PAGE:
Thursday, April 29 2021

12:00 pm - 12:45 pm


Sheila E. McGinn, Ph.D. (Northwestern University, 1989), serves as Professor of New Testament and Early Christianity in the Department of Theology and Religious Studies at John Carroll University, the Jesuit university in Cleveland.

A frequent lecturer and author of numerous articles and books, her main areas of interest concern the development of the earliest churches (including “dissenting” movements) and of early Christian writings in their social and cultural environments. Her central provenance for research is ancient Anatolia, including the highlands of Phrygia, and her range of works include commentaries on the Gospel According to Matthew, the Montanist Oracles, and the Acts of Thecla; a comprehensive bibliography on the Book of Revelation; and studies on several letters in the Pauline corpus. She also contributes to the scholarship on “engaged” methods of adult pedagogy.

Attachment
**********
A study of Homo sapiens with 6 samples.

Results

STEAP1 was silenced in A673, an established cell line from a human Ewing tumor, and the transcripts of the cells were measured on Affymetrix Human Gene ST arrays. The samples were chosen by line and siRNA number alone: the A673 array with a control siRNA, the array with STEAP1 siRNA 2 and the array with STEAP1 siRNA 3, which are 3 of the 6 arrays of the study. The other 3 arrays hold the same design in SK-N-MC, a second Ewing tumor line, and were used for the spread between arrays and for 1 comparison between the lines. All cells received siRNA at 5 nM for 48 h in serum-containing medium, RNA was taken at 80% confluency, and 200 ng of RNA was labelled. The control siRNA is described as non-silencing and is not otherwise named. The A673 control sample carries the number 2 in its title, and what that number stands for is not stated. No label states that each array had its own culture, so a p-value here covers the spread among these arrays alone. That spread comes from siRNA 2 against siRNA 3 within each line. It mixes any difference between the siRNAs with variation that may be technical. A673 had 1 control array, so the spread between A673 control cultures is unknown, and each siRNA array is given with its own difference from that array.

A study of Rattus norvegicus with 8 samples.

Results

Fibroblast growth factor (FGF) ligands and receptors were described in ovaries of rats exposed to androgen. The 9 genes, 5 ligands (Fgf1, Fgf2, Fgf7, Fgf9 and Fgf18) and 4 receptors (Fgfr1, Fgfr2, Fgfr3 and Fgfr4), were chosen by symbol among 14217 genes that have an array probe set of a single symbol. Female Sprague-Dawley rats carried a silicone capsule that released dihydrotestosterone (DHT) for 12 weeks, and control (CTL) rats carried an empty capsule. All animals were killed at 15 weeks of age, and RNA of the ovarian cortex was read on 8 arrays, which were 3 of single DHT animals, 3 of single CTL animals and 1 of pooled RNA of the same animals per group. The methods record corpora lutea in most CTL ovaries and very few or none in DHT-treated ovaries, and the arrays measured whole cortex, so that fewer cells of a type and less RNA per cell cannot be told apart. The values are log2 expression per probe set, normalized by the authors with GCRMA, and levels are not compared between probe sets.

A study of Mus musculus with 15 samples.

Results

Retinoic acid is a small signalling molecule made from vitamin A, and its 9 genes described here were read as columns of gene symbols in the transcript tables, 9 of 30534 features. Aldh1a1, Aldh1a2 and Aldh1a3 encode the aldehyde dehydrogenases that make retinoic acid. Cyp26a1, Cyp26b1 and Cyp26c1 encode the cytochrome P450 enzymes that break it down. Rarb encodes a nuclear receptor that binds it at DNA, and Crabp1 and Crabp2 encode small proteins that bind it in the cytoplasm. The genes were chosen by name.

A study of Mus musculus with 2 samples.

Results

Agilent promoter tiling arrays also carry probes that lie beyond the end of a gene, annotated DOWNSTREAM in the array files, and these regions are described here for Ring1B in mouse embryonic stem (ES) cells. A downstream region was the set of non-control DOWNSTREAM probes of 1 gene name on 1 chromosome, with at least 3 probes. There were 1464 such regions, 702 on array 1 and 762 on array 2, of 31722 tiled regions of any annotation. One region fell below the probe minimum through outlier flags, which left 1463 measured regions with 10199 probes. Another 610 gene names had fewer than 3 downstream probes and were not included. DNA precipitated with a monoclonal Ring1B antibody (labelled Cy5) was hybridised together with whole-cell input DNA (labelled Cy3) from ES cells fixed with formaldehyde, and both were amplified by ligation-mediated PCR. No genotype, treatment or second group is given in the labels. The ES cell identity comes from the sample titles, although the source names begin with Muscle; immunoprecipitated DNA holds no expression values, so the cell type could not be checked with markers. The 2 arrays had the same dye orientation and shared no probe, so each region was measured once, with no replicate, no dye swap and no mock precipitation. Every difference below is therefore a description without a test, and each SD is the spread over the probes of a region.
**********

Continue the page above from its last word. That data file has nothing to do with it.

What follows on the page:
Dr. McGinn is involved in service to the profession and the wider church community. Among other roles, she serves on the editorial board of Conversations with the Biblical World and in leadership positions with the Catholic Biblical Association and the Eastern Great Lakes Biblical Society.

Her most recent works include the Romans commentary for the New Revised Jerome Biblical Commentary (London, etc.: Bloomsbury, 2021; in press); The Jesus Movement and the World of the Early Church (Winona, MN: Anselm Academic Press, 2014); and By Bread Alone: The Bible through the Eyes of the Hungry (Minneapolis: Fortress Press, 2014; co-edited with Lai Ling Elizabeth Ngan and Ahida Calderón Pilarski). She currently is writing a socio-rhetorical commentary on the apocryphal Acts of Thecla.